Sunday, January 16, 2011

The real McCoy

We are at our familiar secret stealth spot in Orlando, Florida (map). We arrived here early yesterday afternoon, because I wanted time to scope out the airport on the scooter in the daylight. Orlando International Airport (MCO) is just a couple miles east of this spot, an easy scooter ride. We are scheduled to pick up our friend Stephanie there this afternoon.

Any time we need to bring the bus into an airport, I need to do a lot of research ahead of time. It is often the case that places where private cars normally go to drop off or pick up passengers are not open to us, either due to overhead clearance, weight limits, or both. Sometimes we've had to use the commercial bus lanes. No matter what we do we almost always end up having a curb-side discussion with airport parking or transportation enforcement officials. Often I call the airport police ahead of time to find out what I should do.

Since I knew we would be parked an easy scooter ride away, I decided this time to do a personal on-site tour first. In addition to scoping out the pickup areas, I wanted to check out the back way into the airport to avoid having to get on the tollway first. The back way involves an airport perimeter road that not only affords excellent views of the west runways, but also takes you past one of Orlando's hidden gems, the B-52 Memorial Park.

It is perhaps little-known to most travelers passing through Orlando International that the airport was once a strategic bomber base, McCoy Air Force Base. This is why the airport code is MCO, and many businesses and other features in the area have McCoy as part of their name. The Air Force is long gone, but one of the bombers formerly stationed here came home to roost. The park is on the airport grounds, and they simply taxied the aircraft into the park after its final flight. It is so well hidden that I don't think even most Orlando residents know about it.

Louise would rather pluck her eyes out than visit an air museum of any kind, so as long as I was by myself I decided to stop. I've seen B-52s up close before (including the musical group, of whom Louise is a big fan), but it is still impressive to stand next to one. The plane is moderate by today's jumbo-jet standards, but there is something about the massive (and weird) landing gear and the way every cubic inch of the plane is consumed by equipment, personnel, or bombs, that makes it interesting, in a Dr. Strangelove kind of way.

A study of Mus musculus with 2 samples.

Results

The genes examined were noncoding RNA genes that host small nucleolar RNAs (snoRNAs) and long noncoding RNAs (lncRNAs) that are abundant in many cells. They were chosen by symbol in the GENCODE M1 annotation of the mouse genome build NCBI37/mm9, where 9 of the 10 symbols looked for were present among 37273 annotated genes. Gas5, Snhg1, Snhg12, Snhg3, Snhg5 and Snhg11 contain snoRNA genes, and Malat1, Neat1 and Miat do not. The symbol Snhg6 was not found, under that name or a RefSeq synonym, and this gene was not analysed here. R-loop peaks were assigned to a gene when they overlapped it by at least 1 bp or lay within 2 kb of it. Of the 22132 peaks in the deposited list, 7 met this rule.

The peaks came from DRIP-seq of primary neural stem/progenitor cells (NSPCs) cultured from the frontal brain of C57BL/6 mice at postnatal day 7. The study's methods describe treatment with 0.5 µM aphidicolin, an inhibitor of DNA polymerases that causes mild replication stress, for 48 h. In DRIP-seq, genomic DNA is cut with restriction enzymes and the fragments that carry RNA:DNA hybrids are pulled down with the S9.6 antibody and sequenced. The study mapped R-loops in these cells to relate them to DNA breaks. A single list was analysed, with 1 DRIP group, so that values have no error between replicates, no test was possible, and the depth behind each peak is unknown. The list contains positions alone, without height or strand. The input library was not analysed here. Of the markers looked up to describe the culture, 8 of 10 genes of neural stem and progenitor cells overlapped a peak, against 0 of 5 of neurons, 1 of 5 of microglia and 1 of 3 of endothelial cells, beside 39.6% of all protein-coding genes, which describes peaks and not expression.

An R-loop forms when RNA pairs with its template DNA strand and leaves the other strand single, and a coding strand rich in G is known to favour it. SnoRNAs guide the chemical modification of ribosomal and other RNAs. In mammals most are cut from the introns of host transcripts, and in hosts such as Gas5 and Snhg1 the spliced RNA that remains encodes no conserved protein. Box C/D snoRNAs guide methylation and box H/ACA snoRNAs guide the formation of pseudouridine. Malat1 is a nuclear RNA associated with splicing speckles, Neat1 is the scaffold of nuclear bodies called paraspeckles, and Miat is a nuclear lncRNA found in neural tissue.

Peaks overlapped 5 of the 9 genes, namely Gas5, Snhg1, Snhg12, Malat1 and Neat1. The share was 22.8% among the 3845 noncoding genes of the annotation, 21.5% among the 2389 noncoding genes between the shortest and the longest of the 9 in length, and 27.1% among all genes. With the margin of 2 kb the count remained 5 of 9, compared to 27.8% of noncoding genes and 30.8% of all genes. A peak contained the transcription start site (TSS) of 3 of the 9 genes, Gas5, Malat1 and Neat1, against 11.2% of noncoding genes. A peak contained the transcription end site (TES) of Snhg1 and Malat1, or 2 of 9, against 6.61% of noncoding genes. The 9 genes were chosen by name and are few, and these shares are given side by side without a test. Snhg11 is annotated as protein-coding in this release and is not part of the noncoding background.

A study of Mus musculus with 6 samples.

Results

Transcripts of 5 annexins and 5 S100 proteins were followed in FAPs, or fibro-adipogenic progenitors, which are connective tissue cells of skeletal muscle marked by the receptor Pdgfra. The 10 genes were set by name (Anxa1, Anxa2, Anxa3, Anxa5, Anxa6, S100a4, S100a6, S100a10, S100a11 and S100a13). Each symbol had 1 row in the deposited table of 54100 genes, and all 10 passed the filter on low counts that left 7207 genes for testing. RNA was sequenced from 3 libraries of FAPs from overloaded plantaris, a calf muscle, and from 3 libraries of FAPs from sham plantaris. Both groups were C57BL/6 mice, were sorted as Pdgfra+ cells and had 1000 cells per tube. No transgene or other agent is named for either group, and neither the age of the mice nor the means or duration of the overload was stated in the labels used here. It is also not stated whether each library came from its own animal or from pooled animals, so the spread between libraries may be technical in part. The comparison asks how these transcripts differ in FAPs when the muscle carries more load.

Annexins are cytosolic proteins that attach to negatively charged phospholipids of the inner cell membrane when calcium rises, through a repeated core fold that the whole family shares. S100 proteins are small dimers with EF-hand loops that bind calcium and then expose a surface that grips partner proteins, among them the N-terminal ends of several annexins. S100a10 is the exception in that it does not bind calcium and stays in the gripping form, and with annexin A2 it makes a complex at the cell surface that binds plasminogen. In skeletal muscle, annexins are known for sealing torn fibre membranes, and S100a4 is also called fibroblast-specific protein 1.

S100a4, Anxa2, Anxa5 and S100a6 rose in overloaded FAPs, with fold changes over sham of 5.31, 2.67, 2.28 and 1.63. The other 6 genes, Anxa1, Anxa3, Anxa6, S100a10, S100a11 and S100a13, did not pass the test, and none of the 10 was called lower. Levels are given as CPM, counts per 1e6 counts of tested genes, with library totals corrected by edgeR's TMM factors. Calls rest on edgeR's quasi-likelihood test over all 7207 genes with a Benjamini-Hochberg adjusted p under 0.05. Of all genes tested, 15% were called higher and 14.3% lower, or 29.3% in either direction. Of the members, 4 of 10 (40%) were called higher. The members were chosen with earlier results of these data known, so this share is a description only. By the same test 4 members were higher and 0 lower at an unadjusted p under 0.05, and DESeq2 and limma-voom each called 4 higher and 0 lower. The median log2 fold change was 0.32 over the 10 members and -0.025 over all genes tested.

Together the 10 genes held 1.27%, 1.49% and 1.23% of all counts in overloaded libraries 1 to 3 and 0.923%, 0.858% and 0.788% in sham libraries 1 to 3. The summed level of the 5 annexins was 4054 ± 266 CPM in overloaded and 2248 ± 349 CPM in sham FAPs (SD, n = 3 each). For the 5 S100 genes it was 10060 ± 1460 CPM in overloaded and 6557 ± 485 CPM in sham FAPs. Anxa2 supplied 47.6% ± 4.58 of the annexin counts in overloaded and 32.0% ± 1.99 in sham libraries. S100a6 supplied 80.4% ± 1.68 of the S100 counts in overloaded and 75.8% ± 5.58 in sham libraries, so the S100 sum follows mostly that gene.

A little further along I came to the lone parking lot available to oversize vehicles, the Blue long term lot. I then ended up making four separate loops around Terminal A, wherein I discovered that
  1. The Arrivals level has a weight limit of 13 tons and a height limit of 13'
  2. The Departures level also has a weight limit of 13 tons but is open above
  3. The commercial bus lanes are below the Arrivals level but are gated and require a transponder to enter.
Eventually I found an airport operations official enforcing curb lanes on the arrivals level, and she told me basically to ignore the weight limit (we weigh 24 tons) and that we'd fit without trouble on the arrivals level (it looked higher than 13' to me anyway). I left the airport to the north to scope out bus-friendly dining options for after our pickup.

After all was said and done, we decided to just take Odyssey over to the Blue lot later today and then ride the shuttle in to the terminal. That will avoid the inevitable conflict with the curb-lane Nazis who will either think we are a commercial bus breaking the rules, or else a non-commercial vehicle clearly over the weight limit for the upper decks. Also, we'll be able to enjoy a leisurely meal at one of the many restaurants in the main terminal, one of which is called McCoy's (naturally), without having to worry about navigating and parking the bus after dark. So while I had originally presumed we'd be right back here tonight, instead we will probably just spend the night in the Blue lot.

Tomorrow we'll head down to the marina in Fort Pierce and I will drop the ladies off before retiring for the night, most likely to the Flying-J.



    I saw the B-52 at the Wright-Patterson museum, and was surprised that seeing it indoors made it almost seem... Well, not small - but not as big as I know it to be. Sean, you'd really appreciate their display: They've specifically placed the plane for good views of the cool landing gear mechanism layout.

  3. Those B-52's make great shady spots for airshows in hot climates. That was the best place to be at shows at Nellis AFB.